They celebrated the New Naturalists yesterday and I missed it. The great series of groundbreaking books on the natural world, published by Collins from 1945 onwards and still going, has long been the object of reverence from wildlife lovers, including yours truly, and in recent years collecting the volumes (now over 130 of them) has become so popular that demand has driven some prices to fantastic levels.
A fine first edition of the rarest, Number 71, Eric Simms's British Warblers from 1985, will currently cost you £2,500. I've been collecting them for 10 years and I haven't got any of the really expensive ones, but even the affordable volumes give enormous pleasure, such as Miriam Rothschild's Fleas, Flukes and Cuckoos from 1952, a study of parasites with scarcely credible information on every page (did you know that there is a tiny creature that lives out its life in the tear-ducts of the hippopotamus?).
For a decade there has been a New Naturalists Collectors' Club, begun by an amiable Jersey bookseller, Bob Burrow, and continued after Bob's death by a wildlife artist from Hampshire, Tim Bernhard. Yesterday Tim organised the club's first annual meeting and symposium at the Nature in Art museum at Twigworth in Gloucestershire, and having been a member almost from the outset I was disappointed to a degree when I couldn't get there, not least as there were 20 "New Nats" authors present, as well as the panjandrum from HarperCollins (as it now is) who shrewdly presides over the continuing series, Myles Archibald.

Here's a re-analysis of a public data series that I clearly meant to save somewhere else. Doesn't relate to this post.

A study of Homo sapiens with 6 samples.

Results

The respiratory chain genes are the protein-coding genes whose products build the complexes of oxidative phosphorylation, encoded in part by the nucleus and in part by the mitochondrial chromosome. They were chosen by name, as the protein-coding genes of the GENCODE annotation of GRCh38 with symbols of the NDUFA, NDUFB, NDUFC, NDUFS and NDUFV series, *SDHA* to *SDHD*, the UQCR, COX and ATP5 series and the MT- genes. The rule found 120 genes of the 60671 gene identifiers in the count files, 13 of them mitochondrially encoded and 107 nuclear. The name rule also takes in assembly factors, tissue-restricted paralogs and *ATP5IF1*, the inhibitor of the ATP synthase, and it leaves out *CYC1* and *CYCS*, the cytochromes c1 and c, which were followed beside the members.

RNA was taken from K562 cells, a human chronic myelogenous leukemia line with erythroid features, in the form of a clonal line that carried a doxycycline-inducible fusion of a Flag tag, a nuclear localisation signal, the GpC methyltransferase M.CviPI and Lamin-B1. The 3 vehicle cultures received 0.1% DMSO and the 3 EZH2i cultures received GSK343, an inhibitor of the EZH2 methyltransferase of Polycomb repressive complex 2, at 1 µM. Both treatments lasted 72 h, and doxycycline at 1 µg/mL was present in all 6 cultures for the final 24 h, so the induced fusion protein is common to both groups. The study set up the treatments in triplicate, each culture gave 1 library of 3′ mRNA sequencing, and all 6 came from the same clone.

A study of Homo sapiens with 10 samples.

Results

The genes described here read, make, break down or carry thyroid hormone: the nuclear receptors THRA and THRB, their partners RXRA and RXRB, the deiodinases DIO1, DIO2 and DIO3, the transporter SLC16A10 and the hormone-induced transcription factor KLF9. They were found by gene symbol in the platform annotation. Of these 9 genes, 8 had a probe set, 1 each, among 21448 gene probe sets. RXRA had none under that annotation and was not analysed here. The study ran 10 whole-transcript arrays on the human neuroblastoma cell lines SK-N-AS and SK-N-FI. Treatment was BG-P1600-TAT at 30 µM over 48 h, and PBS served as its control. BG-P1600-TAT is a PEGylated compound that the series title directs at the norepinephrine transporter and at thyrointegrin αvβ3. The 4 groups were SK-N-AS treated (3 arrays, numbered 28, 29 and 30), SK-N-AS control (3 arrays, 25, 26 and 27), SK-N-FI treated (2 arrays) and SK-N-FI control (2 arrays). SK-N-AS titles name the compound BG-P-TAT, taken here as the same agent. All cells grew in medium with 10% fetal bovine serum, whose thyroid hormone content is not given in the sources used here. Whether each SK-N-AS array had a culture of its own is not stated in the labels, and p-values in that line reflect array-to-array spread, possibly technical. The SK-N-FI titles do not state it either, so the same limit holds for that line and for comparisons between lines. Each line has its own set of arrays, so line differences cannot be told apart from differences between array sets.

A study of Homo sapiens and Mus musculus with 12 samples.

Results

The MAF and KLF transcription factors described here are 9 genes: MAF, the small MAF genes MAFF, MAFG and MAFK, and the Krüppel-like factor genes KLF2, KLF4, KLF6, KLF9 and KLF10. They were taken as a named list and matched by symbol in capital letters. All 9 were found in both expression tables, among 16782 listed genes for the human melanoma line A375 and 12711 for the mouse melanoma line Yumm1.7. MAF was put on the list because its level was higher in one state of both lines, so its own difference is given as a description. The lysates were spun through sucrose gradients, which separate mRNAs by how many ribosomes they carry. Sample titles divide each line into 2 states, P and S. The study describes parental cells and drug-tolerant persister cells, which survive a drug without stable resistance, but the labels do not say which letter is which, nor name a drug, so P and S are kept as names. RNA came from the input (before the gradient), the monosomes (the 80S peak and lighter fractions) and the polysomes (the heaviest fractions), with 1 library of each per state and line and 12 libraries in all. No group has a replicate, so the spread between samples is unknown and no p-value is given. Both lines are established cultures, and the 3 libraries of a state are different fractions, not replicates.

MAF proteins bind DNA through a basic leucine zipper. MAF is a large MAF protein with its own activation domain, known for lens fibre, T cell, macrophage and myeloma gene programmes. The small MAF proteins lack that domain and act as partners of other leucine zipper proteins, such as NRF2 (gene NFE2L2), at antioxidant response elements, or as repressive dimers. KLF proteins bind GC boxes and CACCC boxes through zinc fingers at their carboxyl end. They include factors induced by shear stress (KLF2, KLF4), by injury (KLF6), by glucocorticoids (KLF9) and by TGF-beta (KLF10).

What I most missed was the launch of the latest volume, Art of the New Naturalists, about the marvellous dust-wrappers, which are a key part of the books' attraction. They are bold, highly stylised modernist designs produced for the first 40 years by a husband-and-wife team of lithographers, Clifford and Rosemary Ellis (the 1950 cover of Mountains and Moorlands – it features an emperor moth – is one of theirs), and carried on since 1985, very much in the same tradition, by another terrific artist who works in linocuts, Robert Gillmor (his jacket for Wildfowl, left, published this year).
The new book is a detailed history of the artwork and has been written by Peter Marren, the acknowledged expert on the series, with Robert Gillmor himself. They were both there yesterday. I was stuck in the office. Never mind.
Dragonflies' price soars
I began collecting New Nats before the craze really took off, when it was still just about possible to go into the Cathedral Bookshop in Loamchester and find a copy of Dragonflies for 20 quid and offer the poor widder woman behind the counter 15. Those days are long gone (and Dragonflies will now cost you £400).